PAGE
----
NEW ALBANY — The Center for Women and Families is closing its domestic violence and sexual assault emergency shelter, but the move should actually increase the presence of the nonprofit and the reach of its services in Southern Indiana, President and CEO Elizabeth Wessels-Martin said.

“While we have been able to serve many people in shelter over the years, we have been limited by shelter capacity, and we believe this transition will allow us to help more people who may be in danger…,” Wessels-Martin said in a news release.

The shelter, which had 159 residents in 2016 and 153 in 2017, will be phased out beginning Nov. 1 and CWF will begin implementing mobile advocacy.

In an interview, Wessels-Martin explained that running the brick and mortar shelter costs hundreds of thousands of dollars a year when, in reality, most victims do not want to use a shelter.

“We know 75 percent of victims don’t seek out shelter. They say ‘I won’t go to a shelter, I’ll stay in a car before I go to a shelter,’” Wessels-Martin said.

“People think shelter is the only answer and it is not. There are many, many more options for women that leads to self-sufficiency and leads to developing a skill set they haven’t been able to develop because of their situation,” she said.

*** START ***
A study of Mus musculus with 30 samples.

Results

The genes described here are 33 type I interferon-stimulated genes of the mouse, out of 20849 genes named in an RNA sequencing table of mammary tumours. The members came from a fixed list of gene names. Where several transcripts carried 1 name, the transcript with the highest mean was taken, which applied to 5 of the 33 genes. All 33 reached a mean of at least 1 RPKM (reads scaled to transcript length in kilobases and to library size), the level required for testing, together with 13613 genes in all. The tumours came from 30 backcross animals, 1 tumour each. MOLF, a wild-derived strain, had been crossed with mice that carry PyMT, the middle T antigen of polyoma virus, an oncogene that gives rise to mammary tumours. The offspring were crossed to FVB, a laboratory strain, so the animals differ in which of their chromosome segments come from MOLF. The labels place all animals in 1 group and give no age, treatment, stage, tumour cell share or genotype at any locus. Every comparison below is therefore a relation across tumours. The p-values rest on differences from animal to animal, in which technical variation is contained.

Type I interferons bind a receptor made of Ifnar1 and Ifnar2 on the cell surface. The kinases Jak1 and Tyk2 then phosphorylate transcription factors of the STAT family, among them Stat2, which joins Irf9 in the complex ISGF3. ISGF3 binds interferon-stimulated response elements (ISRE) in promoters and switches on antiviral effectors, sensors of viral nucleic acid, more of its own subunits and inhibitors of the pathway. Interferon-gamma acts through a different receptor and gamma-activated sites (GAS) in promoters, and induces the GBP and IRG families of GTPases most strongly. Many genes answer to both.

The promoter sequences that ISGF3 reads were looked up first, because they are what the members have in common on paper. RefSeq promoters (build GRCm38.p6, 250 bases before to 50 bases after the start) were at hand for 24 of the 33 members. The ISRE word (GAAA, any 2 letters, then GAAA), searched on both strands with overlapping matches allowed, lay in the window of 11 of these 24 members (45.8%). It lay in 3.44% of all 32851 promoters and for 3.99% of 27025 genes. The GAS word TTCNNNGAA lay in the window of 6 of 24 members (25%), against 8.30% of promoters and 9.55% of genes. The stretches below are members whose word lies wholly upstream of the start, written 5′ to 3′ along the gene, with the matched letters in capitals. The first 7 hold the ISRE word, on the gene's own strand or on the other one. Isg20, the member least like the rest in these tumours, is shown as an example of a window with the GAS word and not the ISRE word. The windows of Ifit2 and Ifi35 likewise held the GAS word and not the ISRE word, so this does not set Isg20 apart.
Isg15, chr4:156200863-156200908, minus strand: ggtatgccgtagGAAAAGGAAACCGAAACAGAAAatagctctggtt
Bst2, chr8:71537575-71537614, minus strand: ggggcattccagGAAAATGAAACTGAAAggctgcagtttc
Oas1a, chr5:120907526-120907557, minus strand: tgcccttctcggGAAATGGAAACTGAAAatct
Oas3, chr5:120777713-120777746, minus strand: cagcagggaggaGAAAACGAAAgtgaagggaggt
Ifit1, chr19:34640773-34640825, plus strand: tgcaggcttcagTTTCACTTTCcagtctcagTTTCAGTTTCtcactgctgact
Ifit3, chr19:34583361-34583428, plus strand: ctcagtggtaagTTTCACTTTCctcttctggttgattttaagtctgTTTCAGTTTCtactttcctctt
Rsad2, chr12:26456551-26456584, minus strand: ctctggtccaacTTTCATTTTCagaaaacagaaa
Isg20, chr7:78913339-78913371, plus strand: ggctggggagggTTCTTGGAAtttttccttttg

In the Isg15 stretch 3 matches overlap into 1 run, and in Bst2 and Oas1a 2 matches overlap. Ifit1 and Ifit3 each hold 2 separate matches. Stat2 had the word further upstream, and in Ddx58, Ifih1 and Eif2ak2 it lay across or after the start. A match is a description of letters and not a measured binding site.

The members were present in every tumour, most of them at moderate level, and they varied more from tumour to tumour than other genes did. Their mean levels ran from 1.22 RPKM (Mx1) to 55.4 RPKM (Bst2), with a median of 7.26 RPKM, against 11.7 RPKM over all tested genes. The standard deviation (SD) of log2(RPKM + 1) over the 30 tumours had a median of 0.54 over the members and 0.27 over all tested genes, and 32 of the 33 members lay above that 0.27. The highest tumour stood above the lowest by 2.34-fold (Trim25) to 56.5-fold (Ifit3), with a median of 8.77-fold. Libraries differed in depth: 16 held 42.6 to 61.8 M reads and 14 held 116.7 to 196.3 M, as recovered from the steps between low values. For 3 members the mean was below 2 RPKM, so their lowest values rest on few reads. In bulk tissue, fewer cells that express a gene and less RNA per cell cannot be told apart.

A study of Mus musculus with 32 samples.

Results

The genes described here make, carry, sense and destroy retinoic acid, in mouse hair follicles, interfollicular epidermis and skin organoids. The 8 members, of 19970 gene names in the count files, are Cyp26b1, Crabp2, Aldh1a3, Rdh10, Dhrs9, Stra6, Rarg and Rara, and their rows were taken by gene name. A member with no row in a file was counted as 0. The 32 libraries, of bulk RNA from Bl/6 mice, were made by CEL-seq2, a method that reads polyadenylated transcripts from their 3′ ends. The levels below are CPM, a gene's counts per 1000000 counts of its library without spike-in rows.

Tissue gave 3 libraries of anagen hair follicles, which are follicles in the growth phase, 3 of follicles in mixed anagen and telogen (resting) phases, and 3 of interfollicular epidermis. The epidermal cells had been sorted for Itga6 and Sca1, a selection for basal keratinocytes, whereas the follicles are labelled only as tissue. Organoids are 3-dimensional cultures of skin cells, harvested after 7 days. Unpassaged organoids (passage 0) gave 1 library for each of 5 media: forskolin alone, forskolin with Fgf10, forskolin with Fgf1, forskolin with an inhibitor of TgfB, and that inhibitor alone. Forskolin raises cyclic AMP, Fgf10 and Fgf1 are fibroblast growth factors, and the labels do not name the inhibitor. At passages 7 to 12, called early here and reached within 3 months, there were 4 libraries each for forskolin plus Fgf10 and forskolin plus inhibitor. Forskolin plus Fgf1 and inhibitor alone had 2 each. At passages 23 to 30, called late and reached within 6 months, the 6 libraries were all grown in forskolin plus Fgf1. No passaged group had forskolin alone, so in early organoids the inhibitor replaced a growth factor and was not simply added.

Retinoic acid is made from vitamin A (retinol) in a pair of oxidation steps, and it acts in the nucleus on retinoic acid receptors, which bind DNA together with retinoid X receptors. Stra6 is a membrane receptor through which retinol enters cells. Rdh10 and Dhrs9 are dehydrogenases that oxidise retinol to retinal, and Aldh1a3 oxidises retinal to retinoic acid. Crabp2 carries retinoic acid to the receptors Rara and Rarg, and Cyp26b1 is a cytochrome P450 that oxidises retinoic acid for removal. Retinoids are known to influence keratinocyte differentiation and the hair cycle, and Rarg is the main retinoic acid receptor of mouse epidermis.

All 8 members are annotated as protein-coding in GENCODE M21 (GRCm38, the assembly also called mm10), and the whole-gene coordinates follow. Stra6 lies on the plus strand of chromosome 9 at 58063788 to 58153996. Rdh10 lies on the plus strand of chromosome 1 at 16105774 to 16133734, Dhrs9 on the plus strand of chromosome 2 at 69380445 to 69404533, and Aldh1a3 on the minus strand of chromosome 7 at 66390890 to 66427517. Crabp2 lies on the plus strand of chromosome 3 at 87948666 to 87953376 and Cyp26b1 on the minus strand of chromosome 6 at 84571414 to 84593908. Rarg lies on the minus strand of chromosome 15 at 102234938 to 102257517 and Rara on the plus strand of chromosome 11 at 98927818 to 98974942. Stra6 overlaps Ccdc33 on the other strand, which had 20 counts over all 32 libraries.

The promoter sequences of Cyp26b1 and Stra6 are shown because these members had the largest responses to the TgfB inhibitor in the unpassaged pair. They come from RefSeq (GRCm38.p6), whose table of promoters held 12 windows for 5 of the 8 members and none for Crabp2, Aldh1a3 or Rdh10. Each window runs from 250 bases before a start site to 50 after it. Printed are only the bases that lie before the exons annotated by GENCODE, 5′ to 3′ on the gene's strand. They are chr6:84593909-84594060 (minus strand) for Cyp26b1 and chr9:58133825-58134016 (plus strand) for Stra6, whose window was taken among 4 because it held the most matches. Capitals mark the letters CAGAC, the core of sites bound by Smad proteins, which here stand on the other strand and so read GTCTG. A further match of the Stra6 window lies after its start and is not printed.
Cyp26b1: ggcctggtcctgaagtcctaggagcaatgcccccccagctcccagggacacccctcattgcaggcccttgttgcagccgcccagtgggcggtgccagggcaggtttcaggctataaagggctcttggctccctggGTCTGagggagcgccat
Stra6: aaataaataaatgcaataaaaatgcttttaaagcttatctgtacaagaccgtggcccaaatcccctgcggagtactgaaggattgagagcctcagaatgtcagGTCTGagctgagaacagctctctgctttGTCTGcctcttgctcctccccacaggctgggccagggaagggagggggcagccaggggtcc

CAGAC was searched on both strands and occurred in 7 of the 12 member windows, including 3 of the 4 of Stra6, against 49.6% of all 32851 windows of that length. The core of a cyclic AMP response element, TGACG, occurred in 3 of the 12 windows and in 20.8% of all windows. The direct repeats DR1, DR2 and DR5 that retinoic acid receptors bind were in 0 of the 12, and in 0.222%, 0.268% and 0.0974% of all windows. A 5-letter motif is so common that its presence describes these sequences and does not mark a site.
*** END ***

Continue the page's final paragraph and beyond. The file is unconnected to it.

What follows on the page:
CWF will provide the same services, including, but not limited to, safety planning, legal advocacy, transportation and counseling, but rather than having clients come to the shelter for those, they’ll offer flexible meeting locations. In 2016, 357 individuals utilized these services and in 2017, 280 did. Those numbers do not include calls to the crisis line, hospital advocacy visits and walk-ins.

“We are barely scratching the surface in terms of the number of people who need our services. To pour money into the building and the overhead ... it doesn’t make good sense in terms of caring for people,” Wessels-Martin said.

Rather than putting victims in a shelter, CWF will offer hotel vouchers, something that is already budgeted for the current fiscal year Wessels-Martin said. Sometimes, a victim will want to get out of town and to their family, and in that case CWF will buy them a bus ticket to where they need to go. Other options — such as the shelter CWF operates in Louisville — are on the table, too. The most important thing, Wessels-Martin said, is that victims will not be turned away or referred to general population homeless shelters.

Wessels-Martin welcomes discussion on the move, saying “Ask us questions. come to the Breakfast of Brilliance … We are prepared to sit down and have some hard discussions and help people understand.”

The Breakfast of Brilliance is at 8 a.m. Thursday, Oct. 4, at The Grand. The gathering will include guest speakers from Phoenix, Ariz., who have used the mobile advocacy program.

Erin Walden is the education reporter at the News and Tribune. Contact her via email at erin.walden@newsandtribune.com or by phone at 812-206-2152. Follow her on Twitter: @ErinWithAnEr.

Education Reporter

Erin Walden is the education reporter for the News and Tribune. She studied journalism at the University of Cincinnati. Send tips and story ideas to erin.walden@newsandtribune.com.